New York Times best-selling romance author Kristan Higgins branches into women’s fiction with her latest novel, If Only You Knew. This is an engaging story of sisters Jenny and Rachel, who are forced to make difficult choices in an effort to turn their lives around.
International best-selling author Jenny Colgan’s latest book, Little Beach Street Bakery, begins during protagonist Polly Waterford’s darkest hour. She and her live-in boyfriend have just declared bankruptcy, and they’ve lost everything they built over the past seven years. And to top it off, the stress of it all has soured their relationship as well. Now Polly’s out of work and unable to afford a decent flat in her hometown of Plymouth, England. Over the protests of her best friend, she decides to rent the upper floor of a decrepit building in Cornwall’s tiny village of Mount Polbearne. The Mount, as the locals call it, is cut off from the rest of the world twice daily when high tides flood the causeway connecting it to the mainland, turning it into a temporary island.
Donna Kauffman takes on the theme of second chances in her satisfying new novel, Sandpiper Island, the third entry in her Bachelors of Blueberry Cove series. The result is an emotionally rich story that delivers a beautifully researched natural setting, as well as a romance.
In her debut novel, Season of the Dragonflies, Sarah Creech delivers a masterly portrayal of sisterly sibling rivalry, Southern style. Creech’s own experience growing up in the foothills of the Blue Ridge Mountains in a house brimming with women storytellers with a penchant for the mystical inspired the novel’s setting and plot, which unfolds as the latest generation of Lenore women are swept up into a fragrant family crisis.
In Kim Boykin’s latest Southern-steeped novel, Palmetto Moon, a young woman struggles for independence and the right to choose her own life path in 1947 South Carolina. Vada Hadley is young, beautiful, college-educated and determined to choose a future that is certain to shock her very rich, privileged parents in post-war Charleston, South Carolina. Before she can move forward, however, she must summon the courage to walk away from the society wedding of the year—her own. To do so will disappoint her mother, outrage her father and deeply annoy her wealthy fiancé.
Once you find true love, life is supposed to lead into a happily ever after—at least that’s what the fairy tales promise. But real life and love come with the risk of real loss, as Holly Jefferson learns just six months after her wedding. Since You’ve Been Gone is a truly bittersweet story about a second chance at love, a debut novel by turns charming, funny, inexpressibly sad, and finally, hopeful.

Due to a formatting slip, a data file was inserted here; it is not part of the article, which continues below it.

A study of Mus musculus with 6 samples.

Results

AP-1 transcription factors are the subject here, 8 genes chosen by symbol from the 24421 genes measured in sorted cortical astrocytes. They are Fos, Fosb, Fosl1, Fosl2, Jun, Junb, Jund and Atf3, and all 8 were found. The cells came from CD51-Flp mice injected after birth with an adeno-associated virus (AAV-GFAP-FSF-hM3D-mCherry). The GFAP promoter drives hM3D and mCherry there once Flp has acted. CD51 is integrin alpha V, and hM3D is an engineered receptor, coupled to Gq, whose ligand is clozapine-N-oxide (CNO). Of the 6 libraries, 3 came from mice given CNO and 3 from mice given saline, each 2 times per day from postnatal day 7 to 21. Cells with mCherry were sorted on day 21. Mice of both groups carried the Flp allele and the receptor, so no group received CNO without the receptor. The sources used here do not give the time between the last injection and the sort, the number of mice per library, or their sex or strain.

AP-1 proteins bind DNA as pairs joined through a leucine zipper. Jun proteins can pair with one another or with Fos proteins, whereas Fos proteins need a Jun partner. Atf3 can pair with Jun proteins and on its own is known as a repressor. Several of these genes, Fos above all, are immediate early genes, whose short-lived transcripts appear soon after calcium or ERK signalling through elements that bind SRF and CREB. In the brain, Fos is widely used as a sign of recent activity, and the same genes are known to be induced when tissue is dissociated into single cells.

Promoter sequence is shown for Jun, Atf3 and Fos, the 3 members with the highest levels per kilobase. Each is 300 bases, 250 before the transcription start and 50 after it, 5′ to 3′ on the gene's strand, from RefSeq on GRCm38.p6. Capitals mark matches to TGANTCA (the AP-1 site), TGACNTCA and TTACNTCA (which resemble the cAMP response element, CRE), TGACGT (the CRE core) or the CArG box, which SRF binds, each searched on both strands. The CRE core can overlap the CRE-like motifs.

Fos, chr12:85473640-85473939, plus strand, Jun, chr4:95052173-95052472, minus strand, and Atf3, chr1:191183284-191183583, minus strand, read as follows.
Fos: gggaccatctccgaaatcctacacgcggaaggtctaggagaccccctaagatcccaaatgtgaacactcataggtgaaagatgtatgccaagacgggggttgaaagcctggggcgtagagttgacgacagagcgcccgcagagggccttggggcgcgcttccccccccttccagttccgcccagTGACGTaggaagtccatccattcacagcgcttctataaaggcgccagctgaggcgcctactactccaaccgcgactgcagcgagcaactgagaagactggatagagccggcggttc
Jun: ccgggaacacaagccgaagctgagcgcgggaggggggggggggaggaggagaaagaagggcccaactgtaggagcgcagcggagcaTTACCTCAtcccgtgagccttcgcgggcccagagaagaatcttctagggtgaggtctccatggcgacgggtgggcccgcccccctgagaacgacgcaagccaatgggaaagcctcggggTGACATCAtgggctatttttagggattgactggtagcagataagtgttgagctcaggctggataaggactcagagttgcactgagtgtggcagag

Australian author Liane Moriarty portrays elementary school drama in her latest page-turner, Big Little Lies, which comes on the heels of her first U.S. bestseller, The Husband’s Secret. At Pirriwee Public School, petty jealousies and rumors all come to the surface in one “perfect storm”—otherwise known as the annual trivia night.
In the world of Texas football, team allegiances are hard-lined, and devotion runs deep. The small college town of Walker—the setting of Emily Giffin’s seventh novel, The One & Only—is no exception. Beautiful, down-to-earth Shea Rigsby is the ultimate hometown girl: She’s happily spent all of her 33 years in Walker supporting her beloved Broncos. With a messy, less than perfect family to call her own, Shea was raised alongside her best friend, Lucy, the effortlessly chic and opinionated daughter of Walker’s legendary football coach, Clive Carr.
In Blossom Street Brides, beloved author Debbie Macomber returns to the thriving community of women who frequent a knitting shop on Seattle’s Blossom Street. This time around, Lydia Goetz, the owner of A Good Yarn Shop, is worried the future of her business, while newlywed Bethanne Scranton is struggling to maintain her long-distance marriage, and Lauren Elliott has just broken up with the man she was certain she would marry.
Getting to “happily ever after” may not be easy for characters in romance novels, but it is always guaranteed. Unfortunately, that’s far from the case in real life, of course, which is the basis for Elizabeth Maxwell’s wryly funny debut novel Happily Ever After.